When you think of modern punk rock, one name immediately springs to mind. That band is Rise Against. With a career that spans fifteen years, Rise Against has cemented themselves in punk rock culture and become the staple band of any young and relatively pissed off teenage who doesn’t quite fit in with the more “mainstream” crowd. I know that my love for Rise Against blossomed when I was fourteen and incredibly angry at the world around me.
Through their fifteen years together, their sound has continued to change and morph with each record. They have shifted from the loud aggressive hardcore punk sound of The Unravelling and Revolutions Per a Minute during their independent years to the still edgy yet more melodic sound of Siren Song of the Counter Culture and The Sufferer and the Witness. The past three records, the band has settled on a formula that seems to work well for them: that formula being producing music that is a lot more melodic and involves Tim McIlarath shouting a lot less than he used to. Critics and fans alike have criticised this sound and have dismissed the band as being boring and complacent. It is the idea that the band has chosen to become stagnant and unwilling to change.
I challenge this criticism though – possibly based on the fact that I am an enormous fan of the band and am still holding onto the memory of meeting the band when they toured South Africa. If you listen to The Black Market, you can hear elements of all the previous records within the album. The melodic quality of McIlrath’s vocals from Appeal to Reason and Endgame are incredibly clear on the album. The guitar work from The Sufferer and the Witness takes a moment of resurrection is several of the songs while having elements of Endgame thrown into it as well. The rapid strumming of Siren Song of The Counter Culture can be heard on “The Great Die Off” while the guitar work off “Prayers of the Refugee” creeps its way into “Away Too Long.” These are just two examples of Rise Against’s previous work coming together on The Black Market.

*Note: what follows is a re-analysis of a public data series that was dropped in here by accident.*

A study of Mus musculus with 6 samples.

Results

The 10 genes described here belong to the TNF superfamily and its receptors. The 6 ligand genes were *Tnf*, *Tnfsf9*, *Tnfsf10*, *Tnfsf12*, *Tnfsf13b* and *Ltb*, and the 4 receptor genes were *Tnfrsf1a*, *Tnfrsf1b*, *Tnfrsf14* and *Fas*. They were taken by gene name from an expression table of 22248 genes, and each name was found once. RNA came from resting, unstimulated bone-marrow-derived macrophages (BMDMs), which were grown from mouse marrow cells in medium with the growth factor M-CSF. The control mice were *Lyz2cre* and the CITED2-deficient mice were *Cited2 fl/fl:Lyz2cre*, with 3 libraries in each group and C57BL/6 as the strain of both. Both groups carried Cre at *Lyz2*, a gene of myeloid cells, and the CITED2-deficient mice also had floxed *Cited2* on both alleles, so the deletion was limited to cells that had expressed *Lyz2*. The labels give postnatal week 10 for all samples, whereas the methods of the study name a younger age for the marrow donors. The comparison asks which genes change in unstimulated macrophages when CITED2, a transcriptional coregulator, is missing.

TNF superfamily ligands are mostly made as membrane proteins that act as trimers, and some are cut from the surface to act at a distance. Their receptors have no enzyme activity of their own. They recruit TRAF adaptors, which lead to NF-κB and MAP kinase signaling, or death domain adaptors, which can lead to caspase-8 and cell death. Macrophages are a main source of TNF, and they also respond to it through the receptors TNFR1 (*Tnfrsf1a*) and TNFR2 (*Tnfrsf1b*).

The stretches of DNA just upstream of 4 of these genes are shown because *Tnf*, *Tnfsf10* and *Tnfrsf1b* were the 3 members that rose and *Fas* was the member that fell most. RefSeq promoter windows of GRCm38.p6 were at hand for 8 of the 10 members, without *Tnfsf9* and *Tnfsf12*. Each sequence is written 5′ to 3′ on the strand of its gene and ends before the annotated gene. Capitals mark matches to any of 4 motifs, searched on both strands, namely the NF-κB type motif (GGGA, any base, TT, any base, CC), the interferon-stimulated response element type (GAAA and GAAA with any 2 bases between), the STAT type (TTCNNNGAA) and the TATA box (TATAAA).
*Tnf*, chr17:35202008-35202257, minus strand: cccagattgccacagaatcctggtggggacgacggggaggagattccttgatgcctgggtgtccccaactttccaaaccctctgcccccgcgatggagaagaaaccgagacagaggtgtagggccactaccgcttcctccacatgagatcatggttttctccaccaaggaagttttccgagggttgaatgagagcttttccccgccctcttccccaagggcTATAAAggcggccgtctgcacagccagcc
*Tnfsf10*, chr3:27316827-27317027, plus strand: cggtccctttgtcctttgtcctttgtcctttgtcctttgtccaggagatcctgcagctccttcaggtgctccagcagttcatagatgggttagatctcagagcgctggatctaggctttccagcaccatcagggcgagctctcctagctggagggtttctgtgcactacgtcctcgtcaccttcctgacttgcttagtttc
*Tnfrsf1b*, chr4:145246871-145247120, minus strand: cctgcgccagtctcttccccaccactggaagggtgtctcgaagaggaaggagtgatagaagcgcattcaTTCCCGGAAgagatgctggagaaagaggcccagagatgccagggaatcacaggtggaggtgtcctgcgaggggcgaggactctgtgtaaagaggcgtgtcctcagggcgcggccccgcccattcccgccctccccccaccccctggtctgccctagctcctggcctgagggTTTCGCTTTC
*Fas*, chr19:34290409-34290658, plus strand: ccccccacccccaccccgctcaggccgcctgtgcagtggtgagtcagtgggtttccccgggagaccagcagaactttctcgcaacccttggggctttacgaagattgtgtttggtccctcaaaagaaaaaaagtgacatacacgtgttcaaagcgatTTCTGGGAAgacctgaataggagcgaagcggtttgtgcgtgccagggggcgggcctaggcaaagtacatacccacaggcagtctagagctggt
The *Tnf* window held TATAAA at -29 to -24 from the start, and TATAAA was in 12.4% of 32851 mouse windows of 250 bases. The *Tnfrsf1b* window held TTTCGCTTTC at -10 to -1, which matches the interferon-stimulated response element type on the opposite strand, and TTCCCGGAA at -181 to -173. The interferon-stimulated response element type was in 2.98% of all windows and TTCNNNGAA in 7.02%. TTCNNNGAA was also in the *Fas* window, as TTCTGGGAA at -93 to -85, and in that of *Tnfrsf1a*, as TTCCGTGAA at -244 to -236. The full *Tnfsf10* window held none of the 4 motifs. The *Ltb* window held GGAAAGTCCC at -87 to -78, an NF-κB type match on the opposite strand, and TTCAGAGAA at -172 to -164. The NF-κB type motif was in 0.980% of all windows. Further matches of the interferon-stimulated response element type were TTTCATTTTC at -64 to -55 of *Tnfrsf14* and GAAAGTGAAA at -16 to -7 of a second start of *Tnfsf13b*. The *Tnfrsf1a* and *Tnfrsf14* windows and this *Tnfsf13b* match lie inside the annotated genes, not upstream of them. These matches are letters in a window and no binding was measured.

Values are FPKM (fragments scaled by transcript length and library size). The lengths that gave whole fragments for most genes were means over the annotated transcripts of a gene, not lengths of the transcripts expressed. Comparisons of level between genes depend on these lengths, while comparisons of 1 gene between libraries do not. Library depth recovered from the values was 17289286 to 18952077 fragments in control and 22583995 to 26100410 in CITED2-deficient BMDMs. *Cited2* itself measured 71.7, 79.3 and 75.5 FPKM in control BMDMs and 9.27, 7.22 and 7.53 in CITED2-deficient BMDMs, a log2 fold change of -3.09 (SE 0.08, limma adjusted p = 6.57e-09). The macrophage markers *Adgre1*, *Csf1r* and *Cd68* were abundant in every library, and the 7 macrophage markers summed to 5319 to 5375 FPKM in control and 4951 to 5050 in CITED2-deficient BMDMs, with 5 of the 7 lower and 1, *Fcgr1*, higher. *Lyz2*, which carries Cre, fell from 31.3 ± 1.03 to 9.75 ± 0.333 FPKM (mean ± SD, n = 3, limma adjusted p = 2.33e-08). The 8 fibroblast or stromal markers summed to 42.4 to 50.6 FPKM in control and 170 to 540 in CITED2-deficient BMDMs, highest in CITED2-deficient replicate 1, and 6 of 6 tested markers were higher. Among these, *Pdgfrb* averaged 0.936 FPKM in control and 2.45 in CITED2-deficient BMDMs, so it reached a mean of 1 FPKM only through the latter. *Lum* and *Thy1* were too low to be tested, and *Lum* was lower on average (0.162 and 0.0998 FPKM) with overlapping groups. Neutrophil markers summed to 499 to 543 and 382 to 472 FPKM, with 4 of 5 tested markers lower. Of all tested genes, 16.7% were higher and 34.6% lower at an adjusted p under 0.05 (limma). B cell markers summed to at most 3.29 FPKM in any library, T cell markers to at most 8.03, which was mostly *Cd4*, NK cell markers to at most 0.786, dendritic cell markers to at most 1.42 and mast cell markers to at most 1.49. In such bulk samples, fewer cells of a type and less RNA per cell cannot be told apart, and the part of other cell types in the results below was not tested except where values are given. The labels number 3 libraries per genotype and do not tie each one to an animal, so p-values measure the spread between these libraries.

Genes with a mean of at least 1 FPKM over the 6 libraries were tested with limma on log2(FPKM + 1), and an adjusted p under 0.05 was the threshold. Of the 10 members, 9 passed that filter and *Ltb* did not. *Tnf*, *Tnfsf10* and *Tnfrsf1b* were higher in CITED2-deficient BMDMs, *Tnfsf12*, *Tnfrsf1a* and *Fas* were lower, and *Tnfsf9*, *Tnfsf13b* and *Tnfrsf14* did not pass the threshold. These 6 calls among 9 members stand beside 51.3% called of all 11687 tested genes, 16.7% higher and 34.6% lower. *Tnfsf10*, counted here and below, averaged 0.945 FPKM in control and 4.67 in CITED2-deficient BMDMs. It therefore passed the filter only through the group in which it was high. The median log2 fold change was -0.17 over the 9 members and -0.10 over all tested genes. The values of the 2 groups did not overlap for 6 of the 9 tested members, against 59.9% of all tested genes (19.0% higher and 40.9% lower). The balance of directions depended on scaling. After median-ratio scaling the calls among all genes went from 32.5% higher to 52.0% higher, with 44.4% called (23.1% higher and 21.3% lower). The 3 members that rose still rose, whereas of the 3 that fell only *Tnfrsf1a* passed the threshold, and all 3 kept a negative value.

The winning element of The Black Market, as with any Rise Against album, is the lyrics. There is no denying the lyrical prowess of the band, nor denying that they have truly stuck to the roots of punk rock. They constantly deliver songs that have the intent of challenging all the fundamental principles of society. They deal with America’s obsession with war, or actually any warmonger’s obsession with war, in “The Great Die Of.” It is a particularly striking song about the current situation in the Middle-East. “I Don’t Want To Be Here Anymore” deals with McIlrath’s disgust with the world and society in general. “The Black Market” provokes thought about what goes on in the black market. I can ramble on and on about the lyrical themes contained within in this album – but I am nearing my world limit. The point is that once again Rise Against delivers lyrics that are, in my opinion, tattoo-worthy.
If you’re the type of person that skips through reviews to see how the author summarises the album then let me summarise the type of album that The Black Market is. The Black Market is angry, though-provoking punk rock that is desperately required during a time when people speak too much, think too little and do whatever they please. It isn’t a game-changer. It isn’t something new. It is honest and down-right beautiful music and that is all you could ask for from an album. If you have to be forced to listen to one album for the rest of your life then pick The Black Market.